Trump tariffs causing pain in two of Tennessee's largest Ag sectors
JACKSON, Tenn. (OSBORNE) -- Spokesman for two of Tennessee’s largest farm groups are expressing alarm at the impact President Donald Trump’s tariffs are having on their markets.
Charles Hord speaks for the Tennessee Cattleman’s Association says the growing threat of a trade war is concerning. He says the Association is a strong advocate of open markets.
Hord says Canada has already placed a 10 percent retaliatory tariff on American beef. He notes that after a 20 year effort, American beef recently gained entry to the Chinese market.
“Now they’re looking at putting tariffs on our product again - about 25 percent tariffs on beef imports to their country which will just kill our market when we compete with Australians and others that aren’t facing those tariffs. So we need those tariffs removed for sure.”
Don Willis farms about 3,000 acres here in Middle Tennessee; much of it in soybeans. He’s also a member of the Tennessee Soybean Promotion Board.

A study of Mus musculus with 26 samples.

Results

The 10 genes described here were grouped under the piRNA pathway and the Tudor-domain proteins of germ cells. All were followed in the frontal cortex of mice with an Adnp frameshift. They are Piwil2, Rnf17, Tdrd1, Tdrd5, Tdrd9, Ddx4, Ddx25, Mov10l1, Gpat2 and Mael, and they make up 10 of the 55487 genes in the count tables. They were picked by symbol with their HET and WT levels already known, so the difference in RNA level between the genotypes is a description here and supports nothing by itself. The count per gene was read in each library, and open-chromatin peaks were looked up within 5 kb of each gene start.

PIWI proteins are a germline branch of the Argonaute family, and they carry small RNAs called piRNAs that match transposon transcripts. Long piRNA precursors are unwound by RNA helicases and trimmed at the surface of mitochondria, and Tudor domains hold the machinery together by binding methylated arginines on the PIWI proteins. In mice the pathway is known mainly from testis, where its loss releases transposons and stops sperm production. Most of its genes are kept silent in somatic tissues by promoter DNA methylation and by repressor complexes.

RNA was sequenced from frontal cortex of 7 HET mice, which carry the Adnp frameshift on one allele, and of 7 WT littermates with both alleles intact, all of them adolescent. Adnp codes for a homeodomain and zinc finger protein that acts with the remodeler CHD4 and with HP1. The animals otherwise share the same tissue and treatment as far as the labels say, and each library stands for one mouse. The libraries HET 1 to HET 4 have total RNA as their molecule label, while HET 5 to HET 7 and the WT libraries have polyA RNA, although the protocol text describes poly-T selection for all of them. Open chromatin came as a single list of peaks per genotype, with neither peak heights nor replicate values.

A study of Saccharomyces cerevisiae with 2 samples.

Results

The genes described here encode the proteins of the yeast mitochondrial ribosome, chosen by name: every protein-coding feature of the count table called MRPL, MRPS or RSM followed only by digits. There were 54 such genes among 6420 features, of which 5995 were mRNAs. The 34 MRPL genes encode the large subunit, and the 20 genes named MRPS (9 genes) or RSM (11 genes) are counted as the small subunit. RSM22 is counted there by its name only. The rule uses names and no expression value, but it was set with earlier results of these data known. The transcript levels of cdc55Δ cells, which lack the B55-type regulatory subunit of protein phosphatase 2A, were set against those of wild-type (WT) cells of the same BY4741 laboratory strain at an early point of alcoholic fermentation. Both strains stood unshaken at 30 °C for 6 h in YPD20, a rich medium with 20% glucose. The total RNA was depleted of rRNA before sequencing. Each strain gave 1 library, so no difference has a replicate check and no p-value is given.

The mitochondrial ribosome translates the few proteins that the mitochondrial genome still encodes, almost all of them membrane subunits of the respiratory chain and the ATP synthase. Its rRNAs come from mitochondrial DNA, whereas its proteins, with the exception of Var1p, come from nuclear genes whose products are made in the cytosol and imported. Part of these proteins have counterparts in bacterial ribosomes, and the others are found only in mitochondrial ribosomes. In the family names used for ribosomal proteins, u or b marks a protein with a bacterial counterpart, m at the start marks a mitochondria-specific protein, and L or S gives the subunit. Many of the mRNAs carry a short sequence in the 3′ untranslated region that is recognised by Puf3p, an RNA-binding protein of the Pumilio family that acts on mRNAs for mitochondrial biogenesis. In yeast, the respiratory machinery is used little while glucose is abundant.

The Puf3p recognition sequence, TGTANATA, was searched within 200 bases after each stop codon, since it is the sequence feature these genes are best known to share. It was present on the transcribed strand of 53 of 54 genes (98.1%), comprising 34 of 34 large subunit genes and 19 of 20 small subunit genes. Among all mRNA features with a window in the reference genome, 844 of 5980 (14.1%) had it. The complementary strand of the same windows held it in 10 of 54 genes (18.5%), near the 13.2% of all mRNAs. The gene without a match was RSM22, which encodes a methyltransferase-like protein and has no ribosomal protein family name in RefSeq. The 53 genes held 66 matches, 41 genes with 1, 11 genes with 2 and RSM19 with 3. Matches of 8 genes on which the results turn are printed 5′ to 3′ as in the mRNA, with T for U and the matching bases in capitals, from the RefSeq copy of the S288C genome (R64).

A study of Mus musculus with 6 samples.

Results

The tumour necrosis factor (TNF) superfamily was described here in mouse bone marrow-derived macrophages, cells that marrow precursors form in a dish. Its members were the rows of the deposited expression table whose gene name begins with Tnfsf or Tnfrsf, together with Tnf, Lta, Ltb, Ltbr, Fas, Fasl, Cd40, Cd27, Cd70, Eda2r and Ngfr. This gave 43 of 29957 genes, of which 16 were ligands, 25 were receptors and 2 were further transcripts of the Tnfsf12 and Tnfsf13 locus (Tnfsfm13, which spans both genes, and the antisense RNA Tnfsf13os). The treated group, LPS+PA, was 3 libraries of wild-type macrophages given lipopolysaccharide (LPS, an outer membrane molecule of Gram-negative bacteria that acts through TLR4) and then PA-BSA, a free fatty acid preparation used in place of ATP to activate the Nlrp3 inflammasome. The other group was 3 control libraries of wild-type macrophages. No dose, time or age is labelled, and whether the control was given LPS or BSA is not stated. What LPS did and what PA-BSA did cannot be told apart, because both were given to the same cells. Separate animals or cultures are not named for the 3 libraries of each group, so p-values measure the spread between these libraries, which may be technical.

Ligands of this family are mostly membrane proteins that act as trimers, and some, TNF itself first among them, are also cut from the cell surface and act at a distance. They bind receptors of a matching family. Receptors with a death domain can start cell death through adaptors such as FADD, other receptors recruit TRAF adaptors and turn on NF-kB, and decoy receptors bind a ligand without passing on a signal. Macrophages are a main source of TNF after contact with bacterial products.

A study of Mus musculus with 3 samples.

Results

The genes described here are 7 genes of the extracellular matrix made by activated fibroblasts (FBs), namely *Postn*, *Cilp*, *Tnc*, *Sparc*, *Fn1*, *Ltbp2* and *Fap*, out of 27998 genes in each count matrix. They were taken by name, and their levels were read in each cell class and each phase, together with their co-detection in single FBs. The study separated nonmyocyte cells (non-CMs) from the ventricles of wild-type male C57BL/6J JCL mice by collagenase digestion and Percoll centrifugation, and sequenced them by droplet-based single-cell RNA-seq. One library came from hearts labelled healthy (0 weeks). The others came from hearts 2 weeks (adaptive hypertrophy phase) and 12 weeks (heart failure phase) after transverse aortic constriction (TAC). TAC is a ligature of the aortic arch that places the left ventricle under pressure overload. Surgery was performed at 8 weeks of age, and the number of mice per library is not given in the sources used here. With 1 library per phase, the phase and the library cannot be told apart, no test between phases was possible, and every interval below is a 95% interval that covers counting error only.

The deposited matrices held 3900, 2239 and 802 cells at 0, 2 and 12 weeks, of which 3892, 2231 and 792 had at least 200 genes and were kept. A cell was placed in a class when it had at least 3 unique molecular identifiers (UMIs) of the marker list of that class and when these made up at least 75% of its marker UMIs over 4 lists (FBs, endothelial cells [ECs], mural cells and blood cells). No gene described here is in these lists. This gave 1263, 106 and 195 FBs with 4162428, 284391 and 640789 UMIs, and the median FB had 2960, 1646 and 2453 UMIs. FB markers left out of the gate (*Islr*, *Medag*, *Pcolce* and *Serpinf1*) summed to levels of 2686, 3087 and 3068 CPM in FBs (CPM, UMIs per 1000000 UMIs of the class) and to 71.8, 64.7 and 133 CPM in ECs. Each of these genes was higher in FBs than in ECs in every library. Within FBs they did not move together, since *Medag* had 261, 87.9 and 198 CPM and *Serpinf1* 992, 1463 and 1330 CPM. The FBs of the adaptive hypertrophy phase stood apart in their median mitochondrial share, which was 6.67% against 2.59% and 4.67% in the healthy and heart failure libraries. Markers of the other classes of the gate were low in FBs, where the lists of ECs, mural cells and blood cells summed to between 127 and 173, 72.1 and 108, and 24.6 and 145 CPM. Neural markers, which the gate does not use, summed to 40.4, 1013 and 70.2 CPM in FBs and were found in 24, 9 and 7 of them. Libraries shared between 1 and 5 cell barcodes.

Willis says the market for his beans has dropped about 20 percent since the president announced the first of his tariffs. In fact, he says bean prices have now fallen below the cost of production. He worries a prolonged trade war may also cause his input prices to rise.
“A lot of the pesticides we use come from China. There will be tariffs on that. Some of the fertilize comes out of China. And also the steel…you know, all of our equipment, a lot of steel comes out of China.”
Both men say their associations are making it clear to lawmakers and the Trump Administration that the trade impasse needs to end, and soon.